Creator: Edward Seguin (author)
Date: 1907
Publisher: Teachers' College, Columbia University
Source: Available at selected libraries



Enough to say that when we have followed any of these graduated categories for a certain length of time we find them dangerous as creating routine, more particularly those favored by the peculiarities of structure above referred to; so that the series Of exercises the most appropriate at the beginning must soon be avoided, and replaced by, and afterwards alternated with, their exact opposites. Finally, we must not forget that in the primary trials, doubling the syllables renders their pronunciation easier and more attractive; later, it would be an impediment to progress, and an incitement to stuttering; but at the start everything sounding like syllables is to be encouraged first, and corrected afterwards. Therefore all our primary rules here are nothing but transitory and transposable expedients subject to the higher law of observation. So far we have spoken of the exercises of the speech only as individual, and forced by the strength of direct imitation; but as any one can surmise the child has, for a long time previously, been made a witness to the exercises of the speech by groups, before he is made a participant in them. As soon as he gives certain signs of attention or tries to imitate speech, he is systematically exercised in it alone and in a group. At whatever point of the vocal teaching we are engaged, it is important to remember that speech is such a spontaneous faculty, that it is not enough to teach it, to produce it. The chances are that what the child learns to-day, he will not show at once; but Occasion will bring it out later; or what the child learned and did not show in private teaching will appear when he shall take his part in the group, and vice versa; and what private or group emission of voices cannot bring out, may flow from his lips without effort after some lazy looking on, and accidental hearing: we sow and nature fecundates.


We must conform our teaching to that physiological law of the production of voice as well as of everything spontaneous in man. At the time when we teach syllables or words with so much fatigue to ourselves and concentration to the child, we must not expect to see him using them in his own language; but as if he had learned nothing, he will continue to emit for his own use the hi-syllabic repetitions whose grammar is music. "Ah-dé-dé," shouts Edward in his joy; "Ah-né-né," repeats he in disappointment; ringing or nasal sounds which adapt themselves exactly to theories or philology, like the colors of a painter to a landscape. Our primary teaching must go through without touching this natural speech, taking care not to substitute Greek etymologies for those of passion, fearing to suppress in the speech of the child its higher element, spontaneity; justly afraid of our coming under the severe apostrophe of J. J. Rousseau, "Everything is well as it comes from the hand of the Creator, everything degenerates in the hands of man." If anything is divine in speech it is not grammaticism, it is the bounteous fluency, which flows life a stream from the soul.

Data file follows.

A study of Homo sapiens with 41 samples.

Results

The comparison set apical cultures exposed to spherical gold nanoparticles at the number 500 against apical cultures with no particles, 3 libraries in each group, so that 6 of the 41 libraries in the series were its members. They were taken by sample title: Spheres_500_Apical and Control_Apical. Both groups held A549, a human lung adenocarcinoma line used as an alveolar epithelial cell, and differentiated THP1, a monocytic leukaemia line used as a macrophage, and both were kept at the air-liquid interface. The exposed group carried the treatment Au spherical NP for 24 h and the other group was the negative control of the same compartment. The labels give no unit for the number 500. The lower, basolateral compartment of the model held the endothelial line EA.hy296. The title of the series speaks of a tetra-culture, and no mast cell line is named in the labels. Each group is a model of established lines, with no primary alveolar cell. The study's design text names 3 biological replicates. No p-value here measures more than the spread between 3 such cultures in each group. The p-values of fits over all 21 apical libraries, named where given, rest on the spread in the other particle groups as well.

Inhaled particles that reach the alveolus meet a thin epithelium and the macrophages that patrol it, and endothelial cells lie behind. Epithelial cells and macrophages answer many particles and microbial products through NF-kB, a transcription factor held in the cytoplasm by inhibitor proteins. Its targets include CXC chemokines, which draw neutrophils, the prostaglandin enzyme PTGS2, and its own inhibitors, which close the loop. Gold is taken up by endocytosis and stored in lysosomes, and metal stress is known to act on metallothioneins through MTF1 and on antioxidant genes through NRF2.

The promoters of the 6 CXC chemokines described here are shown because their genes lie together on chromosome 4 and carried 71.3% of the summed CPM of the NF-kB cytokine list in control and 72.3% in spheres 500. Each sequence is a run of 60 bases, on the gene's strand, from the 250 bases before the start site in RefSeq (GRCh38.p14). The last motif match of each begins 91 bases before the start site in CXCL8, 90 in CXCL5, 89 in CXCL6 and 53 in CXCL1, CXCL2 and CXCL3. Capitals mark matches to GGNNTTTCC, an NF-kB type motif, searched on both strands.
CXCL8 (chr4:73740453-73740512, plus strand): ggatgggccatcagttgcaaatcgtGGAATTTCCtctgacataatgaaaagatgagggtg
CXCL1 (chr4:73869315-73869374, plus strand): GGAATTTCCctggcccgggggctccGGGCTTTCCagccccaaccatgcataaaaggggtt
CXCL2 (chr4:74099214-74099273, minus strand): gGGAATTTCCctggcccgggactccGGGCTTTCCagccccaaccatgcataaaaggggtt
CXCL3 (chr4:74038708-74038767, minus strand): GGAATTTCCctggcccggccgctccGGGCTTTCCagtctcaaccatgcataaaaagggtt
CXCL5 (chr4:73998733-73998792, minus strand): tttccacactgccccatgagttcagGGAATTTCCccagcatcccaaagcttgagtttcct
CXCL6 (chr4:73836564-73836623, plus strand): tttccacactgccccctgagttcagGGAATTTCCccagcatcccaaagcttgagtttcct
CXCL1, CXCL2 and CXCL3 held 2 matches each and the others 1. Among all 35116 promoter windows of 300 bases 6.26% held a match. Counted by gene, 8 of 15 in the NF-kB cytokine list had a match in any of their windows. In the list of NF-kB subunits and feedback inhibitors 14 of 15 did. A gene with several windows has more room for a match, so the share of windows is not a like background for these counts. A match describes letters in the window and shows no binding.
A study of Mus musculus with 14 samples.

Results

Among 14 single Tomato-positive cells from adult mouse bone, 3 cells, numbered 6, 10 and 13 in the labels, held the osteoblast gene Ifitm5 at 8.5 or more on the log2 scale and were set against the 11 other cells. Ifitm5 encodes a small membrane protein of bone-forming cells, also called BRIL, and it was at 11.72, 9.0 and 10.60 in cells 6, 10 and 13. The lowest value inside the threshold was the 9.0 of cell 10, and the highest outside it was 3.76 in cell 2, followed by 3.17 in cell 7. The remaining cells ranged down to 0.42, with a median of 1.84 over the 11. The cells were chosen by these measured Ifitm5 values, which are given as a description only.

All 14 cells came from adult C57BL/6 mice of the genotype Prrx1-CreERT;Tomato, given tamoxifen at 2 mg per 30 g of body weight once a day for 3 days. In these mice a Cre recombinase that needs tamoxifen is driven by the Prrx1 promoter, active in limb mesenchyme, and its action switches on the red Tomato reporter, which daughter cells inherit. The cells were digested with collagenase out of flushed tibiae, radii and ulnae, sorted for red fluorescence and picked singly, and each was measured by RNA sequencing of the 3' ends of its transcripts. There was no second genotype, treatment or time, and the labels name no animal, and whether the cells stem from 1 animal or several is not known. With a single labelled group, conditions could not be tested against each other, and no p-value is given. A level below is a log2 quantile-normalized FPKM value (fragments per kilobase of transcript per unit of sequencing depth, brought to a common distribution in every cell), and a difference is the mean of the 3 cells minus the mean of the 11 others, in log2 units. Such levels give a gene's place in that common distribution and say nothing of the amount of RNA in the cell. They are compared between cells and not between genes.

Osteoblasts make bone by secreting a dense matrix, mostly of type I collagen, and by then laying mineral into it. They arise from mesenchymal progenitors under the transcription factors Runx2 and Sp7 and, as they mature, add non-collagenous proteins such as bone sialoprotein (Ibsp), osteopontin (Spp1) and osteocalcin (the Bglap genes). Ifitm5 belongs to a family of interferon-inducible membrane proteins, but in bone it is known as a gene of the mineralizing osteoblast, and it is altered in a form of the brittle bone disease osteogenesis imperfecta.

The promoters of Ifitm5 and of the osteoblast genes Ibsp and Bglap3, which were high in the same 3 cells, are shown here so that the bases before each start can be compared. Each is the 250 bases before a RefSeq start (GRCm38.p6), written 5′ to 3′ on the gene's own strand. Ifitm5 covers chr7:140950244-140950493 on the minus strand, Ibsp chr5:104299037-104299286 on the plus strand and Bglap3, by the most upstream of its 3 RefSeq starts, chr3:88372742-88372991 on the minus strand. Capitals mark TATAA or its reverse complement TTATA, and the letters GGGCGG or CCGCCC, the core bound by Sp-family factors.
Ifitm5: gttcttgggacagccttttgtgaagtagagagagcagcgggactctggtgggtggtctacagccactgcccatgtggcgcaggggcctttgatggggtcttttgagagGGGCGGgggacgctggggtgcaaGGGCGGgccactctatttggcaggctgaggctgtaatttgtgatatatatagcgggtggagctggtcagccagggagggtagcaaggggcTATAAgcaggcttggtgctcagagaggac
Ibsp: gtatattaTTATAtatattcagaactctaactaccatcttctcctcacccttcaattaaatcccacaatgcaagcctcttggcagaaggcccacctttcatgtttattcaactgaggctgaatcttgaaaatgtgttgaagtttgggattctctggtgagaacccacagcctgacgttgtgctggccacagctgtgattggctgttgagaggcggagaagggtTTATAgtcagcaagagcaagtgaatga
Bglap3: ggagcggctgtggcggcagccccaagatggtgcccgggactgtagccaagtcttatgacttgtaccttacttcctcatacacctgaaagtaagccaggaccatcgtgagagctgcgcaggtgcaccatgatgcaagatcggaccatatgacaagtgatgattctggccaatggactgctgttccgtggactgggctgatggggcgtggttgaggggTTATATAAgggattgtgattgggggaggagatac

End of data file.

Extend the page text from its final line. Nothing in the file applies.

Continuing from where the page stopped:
For a long time we must be satisfied with this double progress, not always keeping pace with each other, of formal speech in the training, and informal language; later exercises and practice will tend to unite them.


We postponed until now an observation that the reader has no doubt supplied; it is concerning the part to be attributed to the sight in the training of the speech. Sounds are taught by audition, but articulation is appreciated by the look; we had no opportunity to consider the functions of the eye so far, but we come to them presently.


The sight is the sensorial function by which we receive. through light, the impression of objects standing or coming in its range. This constitutes passive vision. Active vision or look, is the faculty of the same sense so very special and diversified from man to man, that two painters never reproduce, i. e. see the same object in the same light. But, to understand its grandeur and power, not in a Titian, a Cuvier, or a Sehiller, but in our own selves, we have to compare the capacity of our sight with that of the same sense in some idiots. In them it is reduced to the sensibility of the retina to a few rays of light falling obliquely into the chamber of vision, nothing else seeming to be perceived but a dark obstacle. But what wonder! when our own mind is much concentrated, we do not see things actually passing before us, nearly striking us, no more than insane, at some times, and idiots ordinarily do. In most idiots the sight, without being so deeply anomalous, is much perverted in all its modes of perception or in one only; as when they see things, appreciate their number, their shape, their usage, and cannot discriminate their color. Idiots even seeing quite accurately, seem to experience various difficulties in looking at, in directing, or concentrating their willed regard in some direction or at some distance; generally their look, when they have any, does not seem to go or stay where they wish, and appears thrown at hap-hazard. The voluntary functions of this sense are always defective. They see, but look badly or accidentally, and use their sight only for hunting the things they crave for; some even, when asked to look at something, shut their eyes firmly when trying to obey. In fact the sight is, of all our senses, the most intellectual, and the one whose anomalies are the most varied and the most connected with intellectual disorders in idiocy.